Like it or not, a Connecticut television station is now part of a media conglomerate. The Federal Communications Commission just approved the sale of Media General’s New Haven-based ABC affiliate WTNH to Nexstar Media Group, as part of a larger $4.6 billion merger involving TV stations around the country. The deal officially closed on Tuesday. Nexstar now owns more than 170 stations covering 39 percent of American households. That’s the maximum percentage allowed by the FCC.
The deal was controversial from the start, because it brings more TV stations under a fewer number of owners. Critics say that’s dangerous because it reduces the diversity of voices within the media. When a small number of companies control a greater number of stations, there are fewer opportunities for competing voices, innovation in news coverage, or differentiation between TV stations. That, critics worry, will lead to greater commoditization of news, where viewers stop caring about where their news comes from, since they decide all stations look alike and cover the same stories.
But the issue is more than just an abstract thought. Viewers here in Connecticut may soon notice some changes on-air that go beyond a new name in the copyright at the end of WTNH’s newscasts.
First, viewers may start to see some familiar faces go away. Nexstar executives may not like some popular anchors and reporters as much as Media General’s leaders did. And even if staff members are asked to stay, they could decide to leave if they’re offered new contracts for less money or with fewer benefits. That’s what happened at WJLA, the ABC affiliate in Washington, D.C. At least 16 on-air staff have left or been let go since another massive ownership group, Sinclair Broadcast Group, bought the station in 2014. That number includes three of the station’s four main anchors.
We could also see a change in news philosophy. Anyone who’s watched WTNH has heard the question – “Who’s got your back?” The station has built a brand on being a consumer watchdog that looks out for the little guy. That philosophy runs through the stories producers pick, how the stories are presented on-air, and how reporters report the news. But Nexstar may not have the same philosophy. If its executives decide to go in a different branding direction, the answer to the question may no longer be “News 8.”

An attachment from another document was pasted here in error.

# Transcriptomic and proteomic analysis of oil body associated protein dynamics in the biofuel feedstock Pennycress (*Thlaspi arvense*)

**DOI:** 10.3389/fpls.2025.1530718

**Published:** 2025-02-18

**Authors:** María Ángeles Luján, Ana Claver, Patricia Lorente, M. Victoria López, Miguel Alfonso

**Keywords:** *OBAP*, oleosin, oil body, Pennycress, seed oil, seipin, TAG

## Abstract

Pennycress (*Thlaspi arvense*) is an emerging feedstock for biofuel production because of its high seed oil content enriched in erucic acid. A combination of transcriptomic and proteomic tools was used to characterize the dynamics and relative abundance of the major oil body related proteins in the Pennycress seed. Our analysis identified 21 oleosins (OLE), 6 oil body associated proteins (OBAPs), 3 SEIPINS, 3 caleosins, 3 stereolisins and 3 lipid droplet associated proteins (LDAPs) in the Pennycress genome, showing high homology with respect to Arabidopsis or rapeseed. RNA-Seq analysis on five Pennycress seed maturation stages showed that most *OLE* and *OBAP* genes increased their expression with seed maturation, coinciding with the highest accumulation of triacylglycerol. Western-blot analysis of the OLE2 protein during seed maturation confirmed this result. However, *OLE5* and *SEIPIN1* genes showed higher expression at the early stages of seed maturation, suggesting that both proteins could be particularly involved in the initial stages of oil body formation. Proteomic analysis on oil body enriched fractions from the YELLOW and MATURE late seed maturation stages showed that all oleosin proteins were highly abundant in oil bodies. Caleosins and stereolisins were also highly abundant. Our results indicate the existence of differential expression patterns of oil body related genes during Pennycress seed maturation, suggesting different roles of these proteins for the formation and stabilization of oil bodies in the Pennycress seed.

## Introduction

Viewers may also start to see some cost-cutting on air. WTNH’s new owners just spent billions of dollars buying dozens of TV stations. They’ll want to recoup that money as quickly as possible. That means cutbacks on what stations can spend on things like new equipment, new hires, and reporter travel. The stations will be asked to do more with less, in order to increase profits.
Viewers may also see a different look on-air. Nexstar could decide to standardize the TV graphics, music, and news sets across all its stations. Ownership groups do this to save money (why buy hundreds of different licenses for music and graphics when you could buy an umbrella license?) and to make it easier for stations to share content and behind-the-scenes operations. Fellow mega-ownership group Sinclair is already experimenting with this type of outsourcing. It recently announced it’s moving the technical aspects of its Toledo, Ohio newscast 160 miles away to its station in South Bend, Indiana to improve what it calls “production efficiencies.”
Finally, WTNH’s website may get a facelift. The look-and-feel favored by Media General may not be the style Nexstar wants to use. The new owners may also not be fans of locally-written web stories. With 170 TV stations nationwide, Nexstar may find it more cost-effective to update web sites from a central hub. That means fewer stories written locally, and more reliance on national news or feature articles that can be read in many cities around the country, without a Connecticut-centric angle.
So what can be done to stop “news blobs” like this from spreading? The answer is, not much. Until the FCC changes its rules and stops approving mega-mergers, media owners will continue to find it more profitable to be big. But while they profit, viewers and station employees could be the ones paying the price.
Ben Bogardus is an assistant professor of journalism at Quinnipiac University’s School of Communications.